Every day,I wade through dozens of news releases. Most are easy to discard on a cursory glance. Overtly commercial product announcements, for which our media would not be suitable even for paid advertising, quickly go into the computer’s trash basket. Puffy announcements extolling the wonderful “luxury” new condos available for sale end up in the round basket as well.
I put a smaller group aside for a closer look, usually when it is quieter at the end of the day. (Despite breathless wording in some of these announcements, almost none are so important that they actually deserve the ‘drop everything’ treatment’.)
It takes me a few moments to read the smaller pile, and the assessment combines some objective rules with subjective interpretations.
Is the news likely to be of significant value to the readers?
For example, sometimes contractors write bragging news releases about project completions. I yawn. Outside of perhaps helping the contractor sell new work, who cares? Certainly subtrades and suppliers and even competitors may be interested in a start — there is work to do — but when the job is done, if the contractor wants to brag, the business can use its own internal eletter or purchase an ad or two.
“New hires” are also usually a yawn to us, unless there is a major underlying story. As an example, if you hired “that” Michael Cohen in New York City as a project manager, we’d publish the story (as would, probably any other media outlet.)
Is the story intrinsically interesting and visually appealing?
I’d put a “topping off” ceremony in this category, if done right. Really good photos (they don’t need to be professional, just human) showing the work in progress and workers celebrating — if appropriate, in proper safety gear — on the building top; or a time-lapse video of the construction-to-date would pass muster. A breathless pitch for “luxury condos” available for sale once the job has been completed would not.
Can we handle the story with minimal risk and limited resources?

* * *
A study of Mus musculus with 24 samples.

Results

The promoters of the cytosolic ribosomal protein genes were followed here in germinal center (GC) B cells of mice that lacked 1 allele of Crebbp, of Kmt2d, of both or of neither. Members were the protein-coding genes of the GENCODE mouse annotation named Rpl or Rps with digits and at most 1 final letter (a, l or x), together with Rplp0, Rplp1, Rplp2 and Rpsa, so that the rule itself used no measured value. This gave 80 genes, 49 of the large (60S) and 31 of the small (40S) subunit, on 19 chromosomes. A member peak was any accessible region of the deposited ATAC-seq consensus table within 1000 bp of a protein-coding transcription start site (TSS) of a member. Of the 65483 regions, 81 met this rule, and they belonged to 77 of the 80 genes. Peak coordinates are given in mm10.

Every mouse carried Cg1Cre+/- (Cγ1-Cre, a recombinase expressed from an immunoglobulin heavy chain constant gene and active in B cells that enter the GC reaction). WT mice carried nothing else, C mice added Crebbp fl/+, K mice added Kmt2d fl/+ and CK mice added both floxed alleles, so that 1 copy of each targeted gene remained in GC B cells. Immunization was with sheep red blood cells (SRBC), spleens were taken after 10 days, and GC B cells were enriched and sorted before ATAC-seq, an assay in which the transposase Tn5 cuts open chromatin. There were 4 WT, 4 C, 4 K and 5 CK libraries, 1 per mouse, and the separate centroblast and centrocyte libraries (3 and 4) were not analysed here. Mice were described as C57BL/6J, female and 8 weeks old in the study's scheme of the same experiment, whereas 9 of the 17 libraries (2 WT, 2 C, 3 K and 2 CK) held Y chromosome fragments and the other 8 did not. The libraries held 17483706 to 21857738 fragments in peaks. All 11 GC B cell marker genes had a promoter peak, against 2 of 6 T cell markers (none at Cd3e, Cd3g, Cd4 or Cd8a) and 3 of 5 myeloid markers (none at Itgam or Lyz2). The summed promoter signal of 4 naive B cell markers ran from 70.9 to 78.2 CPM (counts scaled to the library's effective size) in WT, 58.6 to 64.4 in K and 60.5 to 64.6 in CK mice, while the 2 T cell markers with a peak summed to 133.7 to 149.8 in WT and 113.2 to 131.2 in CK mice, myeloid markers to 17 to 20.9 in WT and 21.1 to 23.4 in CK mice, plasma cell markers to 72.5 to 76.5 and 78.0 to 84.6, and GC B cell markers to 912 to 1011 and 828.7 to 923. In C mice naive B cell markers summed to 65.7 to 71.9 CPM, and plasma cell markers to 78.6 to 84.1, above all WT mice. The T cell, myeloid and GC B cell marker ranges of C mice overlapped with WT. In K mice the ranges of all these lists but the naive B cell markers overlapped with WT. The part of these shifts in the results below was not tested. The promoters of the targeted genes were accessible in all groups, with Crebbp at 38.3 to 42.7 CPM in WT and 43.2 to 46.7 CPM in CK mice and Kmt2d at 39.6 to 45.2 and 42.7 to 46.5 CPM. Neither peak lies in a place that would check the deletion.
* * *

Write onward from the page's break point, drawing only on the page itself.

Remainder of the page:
Sometimes publicists invite us to interview people purportedly to cover “important” stories. But this requires significant time and editorial effort, and we don’t have a lot of that. Even genuinely interesting stories often must be held simply because of the work required to publish them. We’re especially sensitive about publishing anything that would require a legal review for potential libel.
We’ve gone beyond avoiding some types of negative stories, such as contractors being charged with serious crimes. Here, there usually is an official prosecutor’s news release to use and other public record information so we aren’t really risking negative consequences from the reporting. But of course these are the stories you don’t want us to report, if you are named in them, and how to keep news out of the publication of course is another issue, altogether.
Is your story about an award or recognition?
Here the screen is a bit different. We ask: Are all the awards in a given category/group recognized, or is the publicity seeker seeking to have his story stand out individually. This problem frequently arises with association awards, where there can be several dozen category winners. We’ll publish the entire list, not a single recognition. Another type of problem occurs when the award is a creation of another publication or media outlet. We don’t care to give our media competitors free press, so will decline. (Equally, we publish our own Top 10 lists, and if you get on one of these lists, you can enjoy the free publicity ride.)
Are you a current advertiser?
We’re blatantly biased in this regard. Advertisers get to break all the rules, though we’ll still edit the story for style, and give it prominence in accordance with its intrinsic newsworthiness. As well, as an added service, we’ll provide media relations/publicity counselling to our advertisers to ensure they can maximize the free publicity in other media.
As you can see, the process of deciding about newsworthiness and free publicity involves some screens and evaluations. If you spend hours trying to craft a news release only to find it goes nowhere, take a few minutes to assess whether you meet the criteria for publicity. Other publications and websites have their own standards, of course, and some will take anything they can get. But taking a while to think about ease-of-use genuine readership value will go a long way to putting your story on one of our sites.